1)      Never assume you’re always going to be on top: Even when you’re out kicking butt, taking names and making money hand-over-fist, things can always start heading south.  When we get on top of the world, we sometimes think that the good times will never stop and that the future is going to be just as shiny as the present.  I am willing to guess that in the 1980s, when Houston was the most popular singer in the United States, she never would have guessed that she’d go out in this way.   Success can make us complacent.

2)      Who you choose to spend your life with is one of the most important decisions you’ll ever make: I’m not sure if the chicken or the egg came first when it comes to how Whitney and Bobby ruined each other’s lives.  Some say Bobby turned her into the person she became, but others are saying that Whitney was already that woman when Bobby met her.  What we do know, however, is that they were not good for each other and likely enabled the poor choices of their partner.  The lesson?  Think carefully about who you choose to date or marry, for this can literally determine how you go to your grave.

3)      Say no, no, no to drugs and perhaps even alcohol: As a college professor, I’ve seen drugs and alcohol ruin countless lives over the years.  It’s painful to watch incoming freshmen become influenced by the excitement of campus parties that may put them into an early grave or rehab center later on down the road.   There is nothing good about illegal (or many legal) drugs, and I argue that even the liquor bottle can be left to the side.  Anything that alters your brain chemistry, makes you feel like you’ve been poisoned the next day and causes you to do things that you aren’t going to remember is not good for your body, mind, soul or your life.  Find your happiness elsewhere.

4)      Think about how our actions impact our children: I don’t know much about little Bobbi Christina, the daughter of Bobby and Whitney.  But when I read stories about Bobbi getting into trouble at an early age, my heart weeps for this poor child.  It could not have been easy for her to grow up watching her parents do things that made people shake their heads and I hope that we are not witnessing an intergenerational pattern of poor choices.  We should all realize that we are passing a lot of ideas, choices and habits onto our children, and they may not always be good.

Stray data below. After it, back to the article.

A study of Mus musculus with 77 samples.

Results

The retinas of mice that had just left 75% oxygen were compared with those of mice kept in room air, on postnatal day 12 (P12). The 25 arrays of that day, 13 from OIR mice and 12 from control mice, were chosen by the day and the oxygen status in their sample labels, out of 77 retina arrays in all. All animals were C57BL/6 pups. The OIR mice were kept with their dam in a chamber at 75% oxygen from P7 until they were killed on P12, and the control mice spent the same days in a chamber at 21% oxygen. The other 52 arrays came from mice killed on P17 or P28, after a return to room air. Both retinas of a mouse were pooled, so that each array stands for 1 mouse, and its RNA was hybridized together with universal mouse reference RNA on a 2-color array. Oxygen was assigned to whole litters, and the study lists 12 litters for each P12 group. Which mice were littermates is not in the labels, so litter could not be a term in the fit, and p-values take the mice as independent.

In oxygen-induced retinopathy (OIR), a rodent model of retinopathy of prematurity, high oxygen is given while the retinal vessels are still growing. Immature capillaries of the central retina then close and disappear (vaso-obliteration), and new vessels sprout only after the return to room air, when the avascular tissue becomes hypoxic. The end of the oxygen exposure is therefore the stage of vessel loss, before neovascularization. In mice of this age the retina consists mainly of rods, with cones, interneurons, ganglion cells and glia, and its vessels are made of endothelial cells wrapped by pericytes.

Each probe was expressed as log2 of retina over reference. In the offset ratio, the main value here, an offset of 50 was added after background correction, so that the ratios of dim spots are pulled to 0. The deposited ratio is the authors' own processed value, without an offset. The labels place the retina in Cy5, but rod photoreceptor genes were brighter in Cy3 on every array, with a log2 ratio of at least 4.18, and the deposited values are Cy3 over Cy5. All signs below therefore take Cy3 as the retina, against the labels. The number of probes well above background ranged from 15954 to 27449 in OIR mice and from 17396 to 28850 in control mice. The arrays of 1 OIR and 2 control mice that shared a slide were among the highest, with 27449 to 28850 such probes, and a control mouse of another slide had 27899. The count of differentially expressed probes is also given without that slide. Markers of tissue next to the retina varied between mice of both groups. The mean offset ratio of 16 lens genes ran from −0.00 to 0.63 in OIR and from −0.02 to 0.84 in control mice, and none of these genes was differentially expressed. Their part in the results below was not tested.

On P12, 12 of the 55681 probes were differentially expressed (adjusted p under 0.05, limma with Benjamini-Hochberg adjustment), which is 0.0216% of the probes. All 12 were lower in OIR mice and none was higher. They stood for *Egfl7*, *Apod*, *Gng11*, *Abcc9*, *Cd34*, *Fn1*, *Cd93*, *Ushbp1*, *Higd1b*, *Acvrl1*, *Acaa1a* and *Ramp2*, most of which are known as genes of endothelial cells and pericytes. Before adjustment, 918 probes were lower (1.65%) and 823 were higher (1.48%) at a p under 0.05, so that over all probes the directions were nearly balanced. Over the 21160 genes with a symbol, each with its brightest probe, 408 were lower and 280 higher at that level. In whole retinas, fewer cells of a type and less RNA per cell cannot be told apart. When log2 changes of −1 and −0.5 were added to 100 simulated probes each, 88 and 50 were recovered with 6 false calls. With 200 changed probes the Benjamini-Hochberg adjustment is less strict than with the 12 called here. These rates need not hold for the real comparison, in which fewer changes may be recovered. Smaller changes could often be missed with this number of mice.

5)      It’s never too late for a comeback: When Whitney died, she was on her way back.  Like a phoenix rising slowly (and a bit clumsily) from the ashes, Whitney had committed herself to becoming the woman that she could have been.   As the female musical Mike Tyson, Houston saw the greatness that she took for granted and was working to make things right again.  Unfortunately, time ran out and I speculate that Whitney’s poor choices of the past played a role in her death.  Either way, she went out of the world loved and missed by millions, in large part because we saw her confronting her struggle head-on.  We were saving all our love for Whitney’s comeback and she almost got there at the end.

God bless you Whitney Houston.  May the Pearly Gates light up on your arrival.  With yourself, Etta James, Don Cornelius and Michael Jackson all making sweet music in the afterlife, I have no doubt that heaven is going to have one heck of a party.

Dr. Boyce Watkins is a Professor at Syracuse University. To have Dr. Boyce commentary delivered to your email, please click here.